China jails two more Tibetan monks over fire death

Funeral of monk who set himself on fire, at Kirti monastery on 19 March 2011 (Image: Free Tibet) Image from Free Tibet of funeral at Kirti monastery on 19 March for Phuntsog, who set himself on fire


Chinese authorities say the man, Rigzin Phuntsog of the Kirti monastery, immolated himself on 16 March.

Tsering Tenzin and Tenchum will be jailed for 13 and 10 years respectively for "intentional homicide", Xinhua news agency said.

On Monday, the court jailed another monk for 11 years over the death.

Drongdru, Phuntsog's uncle, is accused of hiding him after he set himself on fire and depriving him of medical attention for 11 hours. The exact circumstances surrounding the monk's death remain unclear.

The latest verdicts come as the US questioned whether China had followed its own legal standards in the case.

"We urge Chinese leaders to address policies in Tibetan areas that have created tension and to protect Tibetans' unique linguistic, cultural and religious identity," a state department statement said.

Crackdown

The incident happened in March in Sichuan province's Aba county, where there is a large ethnic Tibetan community.

There is disagreement about how the monk died.

China map

At the time, Tibetan rights groups reported that witnesses saw police put out the flames, then begin beating the monk, at which point monks and local people took him to the monastery before taking him to hospital some hours later.

After Phuntsog's death protests were then reported in the area around the monastery, followed by a heavy security presence.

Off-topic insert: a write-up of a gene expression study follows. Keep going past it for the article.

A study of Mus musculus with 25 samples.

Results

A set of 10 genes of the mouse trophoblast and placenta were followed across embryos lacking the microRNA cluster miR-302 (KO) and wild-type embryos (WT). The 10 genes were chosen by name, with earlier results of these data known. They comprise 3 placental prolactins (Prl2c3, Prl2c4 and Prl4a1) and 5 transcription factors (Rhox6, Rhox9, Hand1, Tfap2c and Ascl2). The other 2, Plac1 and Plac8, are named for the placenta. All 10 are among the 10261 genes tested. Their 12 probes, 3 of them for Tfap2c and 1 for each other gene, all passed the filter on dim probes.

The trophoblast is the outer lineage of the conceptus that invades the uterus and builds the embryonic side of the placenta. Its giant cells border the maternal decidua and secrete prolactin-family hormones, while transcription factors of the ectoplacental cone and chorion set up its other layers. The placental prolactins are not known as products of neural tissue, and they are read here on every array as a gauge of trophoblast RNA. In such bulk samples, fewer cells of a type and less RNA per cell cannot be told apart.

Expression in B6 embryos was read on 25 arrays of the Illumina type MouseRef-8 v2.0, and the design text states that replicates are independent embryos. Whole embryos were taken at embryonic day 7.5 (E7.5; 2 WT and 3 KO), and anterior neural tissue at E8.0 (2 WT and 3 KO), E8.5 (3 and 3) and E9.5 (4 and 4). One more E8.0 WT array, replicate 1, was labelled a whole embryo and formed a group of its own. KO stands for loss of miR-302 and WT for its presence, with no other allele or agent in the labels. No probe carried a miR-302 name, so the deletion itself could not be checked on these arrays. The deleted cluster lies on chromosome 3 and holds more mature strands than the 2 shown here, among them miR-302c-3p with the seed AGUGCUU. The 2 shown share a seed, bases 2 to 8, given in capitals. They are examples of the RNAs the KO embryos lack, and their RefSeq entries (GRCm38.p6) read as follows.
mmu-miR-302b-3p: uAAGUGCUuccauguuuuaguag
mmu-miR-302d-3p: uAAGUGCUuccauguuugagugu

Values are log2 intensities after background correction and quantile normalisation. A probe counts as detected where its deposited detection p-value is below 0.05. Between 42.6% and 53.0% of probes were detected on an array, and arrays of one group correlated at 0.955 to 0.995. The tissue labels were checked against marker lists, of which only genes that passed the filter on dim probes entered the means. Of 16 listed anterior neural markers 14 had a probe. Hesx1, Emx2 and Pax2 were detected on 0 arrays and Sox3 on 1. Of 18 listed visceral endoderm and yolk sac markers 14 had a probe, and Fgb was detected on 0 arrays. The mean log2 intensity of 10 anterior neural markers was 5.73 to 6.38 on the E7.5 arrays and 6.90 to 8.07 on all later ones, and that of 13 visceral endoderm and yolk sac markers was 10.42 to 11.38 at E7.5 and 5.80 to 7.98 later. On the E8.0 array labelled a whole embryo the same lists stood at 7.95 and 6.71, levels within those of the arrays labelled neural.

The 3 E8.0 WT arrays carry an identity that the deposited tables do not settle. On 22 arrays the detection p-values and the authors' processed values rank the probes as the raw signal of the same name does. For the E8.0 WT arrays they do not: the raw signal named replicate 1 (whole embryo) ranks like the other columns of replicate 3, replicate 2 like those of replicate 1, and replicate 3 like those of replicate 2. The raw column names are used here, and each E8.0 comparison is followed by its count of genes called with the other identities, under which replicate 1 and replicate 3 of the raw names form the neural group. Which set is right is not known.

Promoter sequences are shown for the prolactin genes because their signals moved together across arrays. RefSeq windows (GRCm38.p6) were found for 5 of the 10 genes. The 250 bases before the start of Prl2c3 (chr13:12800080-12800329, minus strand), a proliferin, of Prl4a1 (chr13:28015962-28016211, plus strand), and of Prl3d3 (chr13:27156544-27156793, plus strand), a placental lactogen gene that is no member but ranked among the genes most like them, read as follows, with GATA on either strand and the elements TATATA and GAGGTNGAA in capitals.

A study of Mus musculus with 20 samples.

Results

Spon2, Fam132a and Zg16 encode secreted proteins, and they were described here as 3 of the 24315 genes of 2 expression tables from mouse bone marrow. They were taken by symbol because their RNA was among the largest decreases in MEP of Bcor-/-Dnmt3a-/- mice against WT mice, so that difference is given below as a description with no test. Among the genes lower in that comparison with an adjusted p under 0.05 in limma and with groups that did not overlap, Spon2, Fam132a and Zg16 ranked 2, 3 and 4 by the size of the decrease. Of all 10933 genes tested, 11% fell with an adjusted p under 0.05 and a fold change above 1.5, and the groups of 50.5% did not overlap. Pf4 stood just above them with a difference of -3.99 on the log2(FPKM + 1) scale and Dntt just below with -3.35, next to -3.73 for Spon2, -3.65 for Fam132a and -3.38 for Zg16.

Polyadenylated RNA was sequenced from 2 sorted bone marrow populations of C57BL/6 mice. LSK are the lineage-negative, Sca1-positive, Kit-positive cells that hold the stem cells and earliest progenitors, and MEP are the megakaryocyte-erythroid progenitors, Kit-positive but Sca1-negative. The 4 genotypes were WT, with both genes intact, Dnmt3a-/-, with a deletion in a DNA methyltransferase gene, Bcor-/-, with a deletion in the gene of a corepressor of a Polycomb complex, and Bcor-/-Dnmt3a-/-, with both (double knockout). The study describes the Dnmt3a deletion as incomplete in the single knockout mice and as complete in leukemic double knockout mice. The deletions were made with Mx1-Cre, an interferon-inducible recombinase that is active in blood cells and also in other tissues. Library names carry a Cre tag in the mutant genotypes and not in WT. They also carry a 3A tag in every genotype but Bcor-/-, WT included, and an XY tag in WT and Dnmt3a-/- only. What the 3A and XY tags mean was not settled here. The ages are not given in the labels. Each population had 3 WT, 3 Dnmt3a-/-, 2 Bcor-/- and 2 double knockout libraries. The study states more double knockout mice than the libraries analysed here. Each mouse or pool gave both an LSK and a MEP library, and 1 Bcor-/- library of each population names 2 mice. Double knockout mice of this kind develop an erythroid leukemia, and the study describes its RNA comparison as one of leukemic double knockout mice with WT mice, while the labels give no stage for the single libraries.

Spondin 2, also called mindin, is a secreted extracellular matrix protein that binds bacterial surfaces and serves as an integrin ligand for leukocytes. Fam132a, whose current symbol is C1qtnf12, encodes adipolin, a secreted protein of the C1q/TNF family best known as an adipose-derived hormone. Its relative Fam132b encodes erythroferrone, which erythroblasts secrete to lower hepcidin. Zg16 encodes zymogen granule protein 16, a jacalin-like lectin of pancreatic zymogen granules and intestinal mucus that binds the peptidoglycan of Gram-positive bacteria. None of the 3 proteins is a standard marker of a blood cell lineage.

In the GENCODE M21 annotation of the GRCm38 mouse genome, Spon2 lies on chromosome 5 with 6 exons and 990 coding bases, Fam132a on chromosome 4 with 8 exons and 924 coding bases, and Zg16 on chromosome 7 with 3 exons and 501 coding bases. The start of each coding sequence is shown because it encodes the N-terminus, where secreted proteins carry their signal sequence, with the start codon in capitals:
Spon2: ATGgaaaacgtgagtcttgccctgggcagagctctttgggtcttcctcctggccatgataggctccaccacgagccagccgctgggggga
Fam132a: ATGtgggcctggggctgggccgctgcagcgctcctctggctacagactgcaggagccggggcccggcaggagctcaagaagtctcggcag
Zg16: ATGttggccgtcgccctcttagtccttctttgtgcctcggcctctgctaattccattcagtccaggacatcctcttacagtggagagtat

Rights groups accused the government of shutting the monks in the monastery and forcing them to take part in compulsory "patriotic education".

In March 2008, Tibet witnessed a wave of violent anti-China protests - its worst unrest in 20 years.

China responded to the unrest with a military crackdown, including in areas like Aba which are outside Tibet but have a large ethnic Tibetan population.

The Tibet Divide

  • China says Tibet was always part of its territory
  • Tibet had long periods of autonomy before 20th Century
  • 1950: China launches military assault
  • 1959: Uprising against Chinese rule defeated; Dalai Lama flees to India
  • Dalai Lama now advocates a "middle way" with Beijing, seeking autonomy but not independence

Many Tibetans have complained about the growing domination of China's majority Han population in Tibet and accuse the government of trying to dilute their culture.

But China says it has invested heavily in Tibet and has generated significant improvements in people's living standards.

There have been a number of incidents of monks setting themselves on fire to protest against Beijing's rule.

Earlier this month, a 29-year-old Tibetan monk burned himself to death in another town Sichuan.

Activists said the monk, whom they named as Tsewang Norbu, had shouted slogans including "We Tibetan people want freedom" and "Long live the Dalai Lama" before setting himself alight.